Eco-Schools USA Case Study: Students Take the Lead at Lothrop
from Wildlife Promise
“My hands should never touch the recycling bins,” says Pamela Galus, the science specialist at Lothrop Science and Technology Magnet School in Omaha, Nebraska. At this bronze-level Eco-School, Galus strives to make sure students take the lead in every aspect of their school greening initiative. For the work to be sustainable, she explains, the adults can’t be the ones who run the show. “There shouldn’t be anyone who’s irreplaceable,” she says. Leading the charge can be a burnout role, and besides, she and her fellow teachers value the many teaching opportunities that come from involving students in every step of the process.
The goal is for teachers to collaborate and share the work, and for students to take ownership of the program wherever possible, with older kids passing the torch to younger ones as they progress through the grade levels at this early childhood to 4th grade school.
A student-led approach is one of the key aspects of the Eco-Schools program, and Lothrop provides an excellent model of how this can work. The school started its greening efforts with waste reduction. They began with a waste audit: During science class, students donned masks and gloves and spread out the contents of the trash cans to assess what could be diverted from the waste stream. Now, three students are on paper patrol each week. They have 15 minutes daily to collect recycling from classrooms around the school and then return to their own class. All the teachers keep an eye out to ensure that the students are on task as they haul the recycling bins to the custodians.
In the cafeteria, waste reduction requires a number of steps, from sorting recyclable containers and plasticware to collecting food waste for composting. As students finish their meals, they progress down a line, putting each item into the correct bin. Galus noted that on one day when the bins weren’t in place, the students were at a loss—they couldn’t fathom simply dumping an entire tray into the trash can. Already, the school has cut cafeteria waste from 20 bags per day to just 2, reducing the number of trash pickups and saving the school $1000. They still hope to find an alternative to their non-recyclable foam trays. And, while some of their compost currently goes to a local community garden’s vermicomposting system, they are experimenting with vermicomposting at school and, in partnership with a nearby high school, striving to find a large-scale solution that they can implement on school grounds. According to Galus, “It’s a valuable way for the kids to experiment with solving a real-world problem.”
The school also collects batteries, electronics, and eyeglasses for recycling. They saved juice boxes for a local commercial garden, which used them as planters for a sunflower maze. In the waste audit, they found that crayons were frequently thrown away, and devised several creative ways to reuse them. First, they fashioned the broken pieces into a large, colorful mosaic that spells out RECYCLE. Now they are finding ways to melt the pieces and form them into new shapes for the younger students. They also made a connection with an organization that works in Madagascar and saved crayons to send to the students there.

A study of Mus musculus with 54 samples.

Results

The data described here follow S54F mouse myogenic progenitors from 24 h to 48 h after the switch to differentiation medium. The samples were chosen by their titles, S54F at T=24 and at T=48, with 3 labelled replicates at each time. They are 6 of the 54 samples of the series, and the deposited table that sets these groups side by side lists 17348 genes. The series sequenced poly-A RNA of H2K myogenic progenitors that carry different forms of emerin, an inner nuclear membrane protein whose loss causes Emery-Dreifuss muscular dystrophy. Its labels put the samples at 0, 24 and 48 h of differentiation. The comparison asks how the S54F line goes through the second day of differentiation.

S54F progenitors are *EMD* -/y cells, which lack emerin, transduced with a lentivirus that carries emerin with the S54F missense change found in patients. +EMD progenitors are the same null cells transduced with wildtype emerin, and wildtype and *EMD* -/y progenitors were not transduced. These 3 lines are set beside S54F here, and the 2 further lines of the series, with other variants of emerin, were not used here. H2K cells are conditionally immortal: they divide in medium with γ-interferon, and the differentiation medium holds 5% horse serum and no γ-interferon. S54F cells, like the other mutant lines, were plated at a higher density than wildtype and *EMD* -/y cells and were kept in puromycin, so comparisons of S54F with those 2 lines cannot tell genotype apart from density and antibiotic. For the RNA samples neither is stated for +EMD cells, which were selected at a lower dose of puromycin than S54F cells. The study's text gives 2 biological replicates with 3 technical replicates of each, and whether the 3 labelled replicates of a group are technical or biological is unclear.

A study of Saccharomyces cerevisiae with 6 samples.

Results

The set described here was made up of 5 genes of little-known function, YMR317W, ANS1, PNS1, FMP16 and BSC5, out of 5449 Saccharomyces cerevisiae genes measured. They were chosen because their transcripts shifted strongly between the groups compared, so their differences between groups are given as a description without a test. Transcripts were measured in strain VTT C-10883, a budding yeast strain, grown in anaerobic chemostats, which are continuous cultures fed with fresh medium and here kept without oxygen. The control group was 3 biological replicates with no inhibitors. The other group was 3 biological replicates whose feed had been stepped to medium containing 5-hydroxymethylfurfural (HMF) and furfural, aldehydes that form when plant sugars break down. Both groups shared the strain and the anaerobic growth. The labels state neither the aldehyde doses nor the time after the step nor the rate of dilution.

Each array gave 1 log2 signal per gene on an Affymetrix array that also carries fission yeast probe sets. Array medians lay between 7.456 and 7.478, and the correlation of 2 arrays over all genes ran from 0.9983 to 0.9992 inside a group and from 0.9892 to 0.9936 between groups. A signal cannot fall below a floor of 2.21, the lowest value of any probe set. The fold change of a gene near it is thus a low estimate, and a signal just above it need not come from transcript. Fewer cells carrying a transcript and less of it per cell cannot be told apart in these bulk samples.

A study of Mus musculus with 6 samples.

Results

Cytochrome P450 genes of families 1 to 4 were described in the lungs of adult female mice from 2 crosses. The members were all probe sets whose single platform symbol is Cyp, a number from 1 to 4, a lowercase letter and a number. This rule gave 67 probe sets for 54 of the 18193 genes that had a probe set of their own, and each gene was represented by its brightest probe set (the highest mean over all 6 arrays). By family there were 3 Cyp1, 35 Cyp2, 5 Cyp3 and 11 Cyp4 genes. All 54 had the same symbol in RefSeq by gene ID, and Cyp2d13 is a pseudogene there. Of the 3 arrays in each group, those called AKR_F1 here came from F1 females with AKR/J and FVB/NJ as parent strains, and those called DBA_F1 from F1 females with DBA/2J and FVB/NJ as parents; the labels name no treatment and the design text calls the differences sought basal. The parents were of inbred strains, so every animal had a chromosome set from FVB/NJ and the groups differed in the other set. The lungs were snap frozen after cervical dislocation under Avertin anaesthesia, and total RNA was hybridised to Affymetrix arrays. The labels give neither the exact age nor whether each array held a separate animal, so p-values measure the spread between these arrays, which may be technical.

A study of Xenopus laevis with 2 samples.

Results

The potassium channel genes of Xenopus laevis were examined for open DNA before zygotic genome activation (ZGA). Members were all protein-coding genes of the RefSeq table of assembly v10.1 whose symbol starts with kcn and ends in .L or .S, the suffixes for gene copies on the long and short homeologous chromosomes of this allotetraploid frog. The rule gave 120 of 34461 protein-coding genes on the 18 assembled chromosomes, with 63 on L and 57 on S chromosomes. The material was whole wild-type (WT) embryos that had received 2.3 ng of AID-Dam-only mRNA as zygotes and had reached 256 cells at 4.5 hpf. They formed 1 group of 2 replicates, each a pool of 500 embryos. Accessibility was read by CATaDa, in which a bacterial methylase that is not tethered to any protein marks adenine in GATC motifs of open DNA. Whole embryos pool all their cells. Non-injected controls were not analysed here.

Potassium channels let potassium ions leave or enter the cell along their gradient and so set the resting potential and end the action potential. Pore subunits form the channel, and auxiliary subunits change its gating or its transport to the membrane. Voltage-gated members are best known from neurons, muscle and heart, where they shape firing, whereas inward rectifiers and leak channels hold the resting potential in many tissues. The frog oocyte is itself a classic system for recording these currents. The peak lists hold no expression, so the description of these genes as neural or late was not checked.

They’re now working to incorporate energy and water conservation into their program. Again, students take responsibility for making it happen. In each class, a student “electrician” checks to be sure lights and electronics are turned off when not in use. A “plumber” keeps an eye on water usage. Meanwhile, a recycling monitor watches to be sure materials make it into the right bin.
Because the school has a science focus, all the students do science fair projects each year and are encouraged to use the scientific process in many aspects of their academic work. Through observing and tracking behavior, students learned that 1) the distance between the recycling and the trash bins affects recycling rates, and 2) if someone is standing at the bins, the amount of material that gets recycled increases. More student experiments are always in progress in the school’s greenhouse, where they also grow vegetable starts for their outdoor classroom garden.
Connecting Lothrop students with kids in other places around the world is another goal of the program. The school has a distance learning lab which was used to conduct an “Environmental Summit” with three schools in Canada. Students have email penpals in Madagascar, India, the United Kingdom, and South Africa. Many of the Lothrop students haven’t been outside of Omaha, so this has been an eye-opening experience for them. Galus says they hope to use the learning lab for more real-time meet-ups, but different time zones and limited access to technology in other parts of the world make it challenging. However, next year they will be mentoring a school in Louisiana that is just getting started with a recycling program, and this will be another way to connect to students in a different place and to cultivate their leadership skills.
What does all this mean for the Lothrop students? Not only are they learning new skills and attitudes at school, they are also taking their experiences home to their families. Many have started recycling at home, a noteworthy achievement in a city where only about half the residents participate in free curbside recycling. Students also take home vegetable plants from the school’s greenhouse to start container gardens, a positive step toward healthier eating and a connection with nature in their urban environment. There’s no doubt that these projects are just the beginning for these young leaders!
To learn more about Lothrop’s Eco-Schools work, visit Mrs. Galus’ webpage. You can also contact her at Pamela.Galus@ops.org if you’d like to compare notes about an established or new program—a terrific way to share valuable experience!